It's the details that make the design, and while the rounded corners on an upright box can make the Cube look a little appliance-like, just take a closer look at the asymmetry of the windows, the beveled window frames, and flared sheetmetal, and it's anything but simple. Combine all that with lower aero work that seems to pull the Cube downward, visually, and it has a gravitas that the Scion xB never had (at least not in its current version). Inside, the Cube can feel a little too overdesigned, with a "Casual Lounge" theme that rounds the curves, leaving you feeling like you're in a Jacuzzi tub (water ripples and all). But it's fresh, and it's functional.
The Cube's least charming trait may very well be how it drives. Considering its car-based underpinnings and relatively low center of mass (compared to crossovers), it's surprising it doesn't feel a little sportier—or have much of a driving personality. A 1.8-liter four-cylinder produces 122 horsepower and drives the front wheels. With either the six-speed manual gearbox or the continuously variable automatic transmission (CVT), the Cube can move along rapidly enough, but it's not at all a sports car, or the type of vehicle you'd fling into corners.
The 2013 Nissan Cube has more space for people than you might guess from the outside, but if you need versatility, and to maximize space sometimes for larger items, you can do a lot better. Seating is one of the Cube's strengths; and in layout, inside, it's quite van-like. The seats up front are much better than what you get in the Versa or Sentra--and of course a little higher--provided you aren't cornering that hard, as there's no significant side bolstering. The rear seat has enough space for two adults (possibly three, squeezed in), and it slides back and forth and also reclines--though not all the way. Where you get into trouble is with larger cargo, as the seatback doesn't simply flip forward or flat.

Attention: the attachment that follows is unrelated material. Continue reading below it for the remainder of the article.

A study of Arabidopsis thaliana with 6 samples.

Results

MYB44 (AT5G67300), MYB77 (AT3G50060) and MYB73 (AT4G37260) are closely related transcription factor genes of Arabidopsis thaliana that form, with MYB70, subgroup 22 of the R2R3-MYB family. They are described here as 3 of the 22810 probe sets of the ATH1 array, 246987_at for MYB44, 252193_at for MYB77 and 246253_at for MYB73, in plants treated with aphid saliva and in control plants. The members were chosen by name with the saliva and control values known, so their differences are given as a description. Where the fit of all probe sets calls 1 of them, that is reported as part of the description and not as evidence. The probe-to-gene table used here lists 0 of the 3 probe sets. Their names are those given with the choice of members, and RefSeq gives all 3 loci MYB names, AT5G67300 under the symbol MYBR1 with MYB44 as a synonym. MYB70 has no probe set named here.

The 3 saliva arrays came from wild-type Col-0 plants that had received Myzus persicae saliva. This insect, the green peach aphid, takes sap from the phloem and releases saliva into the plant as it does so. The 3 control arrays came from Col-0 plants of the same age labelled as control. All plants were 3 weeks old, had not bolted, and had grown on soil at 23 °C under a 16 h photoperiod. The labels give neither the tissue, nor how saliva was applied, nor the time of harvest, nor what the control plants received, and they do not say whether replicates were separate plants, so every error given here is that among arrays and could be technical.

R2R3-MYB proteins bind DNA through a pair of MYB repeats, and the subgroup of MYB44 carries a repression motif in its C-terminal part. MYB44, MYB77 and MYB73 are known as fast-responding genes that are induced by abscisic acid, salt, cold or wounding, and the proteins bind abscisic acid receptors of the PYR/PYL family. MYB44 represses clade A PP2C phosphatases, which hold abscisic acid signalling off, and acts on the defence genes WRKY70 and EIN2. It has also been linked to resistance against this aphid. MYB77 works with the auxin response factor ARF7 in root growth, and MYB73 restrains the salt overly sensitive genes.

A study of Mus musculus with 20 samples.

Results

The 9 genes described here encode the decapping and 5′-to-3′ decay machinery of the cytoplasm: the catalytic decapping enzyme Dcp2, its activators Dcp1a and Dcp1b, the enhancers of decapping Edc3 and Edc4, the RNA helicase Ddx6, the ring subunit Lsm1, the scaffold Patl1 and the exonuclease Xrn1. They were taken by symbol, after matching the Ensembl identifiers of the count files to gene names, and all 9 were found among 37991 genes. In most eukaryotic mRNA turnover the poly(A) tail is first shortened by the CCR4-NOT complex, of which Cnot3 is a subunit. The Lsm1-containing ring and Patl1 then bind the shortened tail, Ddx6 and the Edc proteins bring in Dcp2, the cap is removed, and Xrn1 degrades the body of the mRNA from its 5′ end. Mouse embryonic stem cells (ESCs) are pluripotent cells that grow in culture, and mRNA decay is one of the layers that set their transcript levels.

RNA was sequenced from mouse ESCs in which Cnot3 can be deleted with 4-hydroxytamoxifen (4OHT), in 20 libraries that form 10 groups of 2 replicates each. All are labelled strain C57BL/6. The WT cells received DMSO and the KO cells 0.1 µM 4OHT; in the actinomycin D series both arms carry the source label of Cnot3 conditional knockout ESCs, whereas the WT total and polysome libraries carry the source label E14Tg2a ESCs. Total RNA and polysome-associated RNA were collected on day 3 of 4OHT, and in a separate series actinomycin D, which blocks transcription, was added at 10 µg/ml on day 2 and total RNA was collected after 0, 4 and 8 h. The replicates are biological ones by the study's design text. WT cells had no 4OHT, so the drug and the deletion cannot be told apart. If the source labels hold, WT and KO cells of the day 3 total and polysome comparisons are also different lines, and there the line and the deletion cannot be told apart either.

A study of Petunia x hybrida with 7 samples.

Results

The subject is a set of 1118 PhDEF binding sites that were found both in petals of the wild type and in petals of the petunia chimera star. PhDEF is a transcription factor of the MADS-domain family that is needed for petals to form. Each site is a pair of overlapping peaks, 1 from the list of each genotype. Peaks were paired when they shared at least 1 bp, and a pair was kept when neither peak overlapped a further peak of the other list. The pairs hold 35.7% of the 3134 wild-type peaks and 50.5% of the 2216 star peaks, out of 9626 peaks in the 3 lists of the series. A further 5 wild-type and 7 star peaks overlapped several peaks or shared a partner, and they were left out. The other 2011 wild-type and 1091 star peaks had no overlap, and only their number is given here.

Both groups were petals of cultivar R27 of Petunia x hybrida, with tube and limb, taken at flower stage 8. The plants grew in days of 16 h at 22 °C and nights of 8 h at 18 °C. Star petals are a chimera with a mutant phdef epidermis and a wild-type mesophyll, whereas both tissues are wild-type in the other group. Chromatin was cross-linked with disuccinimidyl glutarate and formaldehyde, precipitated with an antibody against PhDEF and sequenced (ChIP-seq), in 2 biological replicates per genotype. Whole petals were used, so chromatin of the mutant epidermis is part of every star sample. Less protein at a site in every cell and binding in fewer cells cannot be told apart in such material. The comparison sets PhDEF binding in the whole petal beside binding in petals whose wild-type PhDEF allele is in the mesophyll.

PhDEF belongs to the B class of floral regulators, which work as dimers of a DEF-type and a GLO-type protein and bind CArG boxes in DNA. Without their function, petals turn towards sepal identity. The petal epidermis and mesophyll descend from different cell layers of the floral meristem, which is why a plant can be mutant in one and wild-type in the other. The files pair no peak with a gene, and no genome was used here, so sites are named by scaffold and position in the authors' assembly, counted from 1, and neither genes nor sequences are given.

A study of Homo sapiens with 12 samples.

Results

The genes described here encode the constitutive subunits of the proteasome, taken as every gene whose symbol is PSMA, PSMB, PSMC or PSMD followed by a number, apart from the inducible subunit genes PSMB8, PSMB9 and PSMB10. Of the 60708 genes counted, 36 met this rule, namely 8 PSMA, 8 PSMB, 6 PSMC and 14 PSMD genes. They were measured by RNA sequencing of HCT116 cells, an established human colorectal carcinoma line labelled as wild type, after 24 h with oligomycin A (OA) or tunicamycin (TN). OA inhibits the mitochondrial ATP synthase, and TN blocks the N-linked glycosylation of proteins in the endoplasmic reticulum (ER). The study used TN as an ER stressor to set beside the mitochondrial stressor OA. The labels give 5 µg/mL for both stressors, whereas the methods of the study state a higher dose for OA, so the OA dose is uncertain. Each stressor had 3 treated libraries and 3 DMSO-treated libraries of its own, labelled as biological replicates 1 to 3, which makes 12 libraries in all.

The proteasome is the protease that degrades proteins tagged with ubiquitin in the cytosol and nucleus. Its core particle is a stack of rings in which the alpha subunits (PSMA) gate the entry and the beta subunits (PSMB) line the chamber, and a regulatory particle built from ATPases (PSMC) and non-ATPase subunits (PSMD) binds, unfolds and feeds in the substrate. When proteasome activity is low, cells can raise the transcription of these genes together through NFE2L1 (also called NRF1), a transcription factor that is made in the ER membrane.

Ride comfort, on the other hand, is surprisingly good in the Cube next to other small cars or the smallest compact crossovers. What there is—and this probably comes as no surprise—is quite a bit of wind noise at highway speeds. Otherwise interior materials betray the Cube's sub-$20,000 price tag, although all the styling touches will probably distract you from that for a while.
And the Cube is a good value for the money—especially considering the value of having something that's genuinely different and quirky, yet also well-equipped. Prices are a bit higher for 2013, however; with the discontinuation of the base model, there are now just S and SL trims of the Cube--and if you want a manual transmission you're stuck with the S, as the top SL is only offered with a CVT. The S includes a lot of popular features, but step up to the SL and you get automatic climate control, alloy wheels, an Intelligent Key system, Bluetooth connectivity, and an upgraded sound system that includes iPod connectivity.
Beyond that, a Preferred Package that adds an SD-based navigation system with XM NavTraffic capability, plus Rockford Fosgate audio with a subwoofer, XM satellite radio, and front fog lamps. And if you want appearance extras, though, you're in luck. There are more than 40 different accessories available at the dealership, and they range from practical items like cargo organizers to custom wheels, decals, and other appearance options.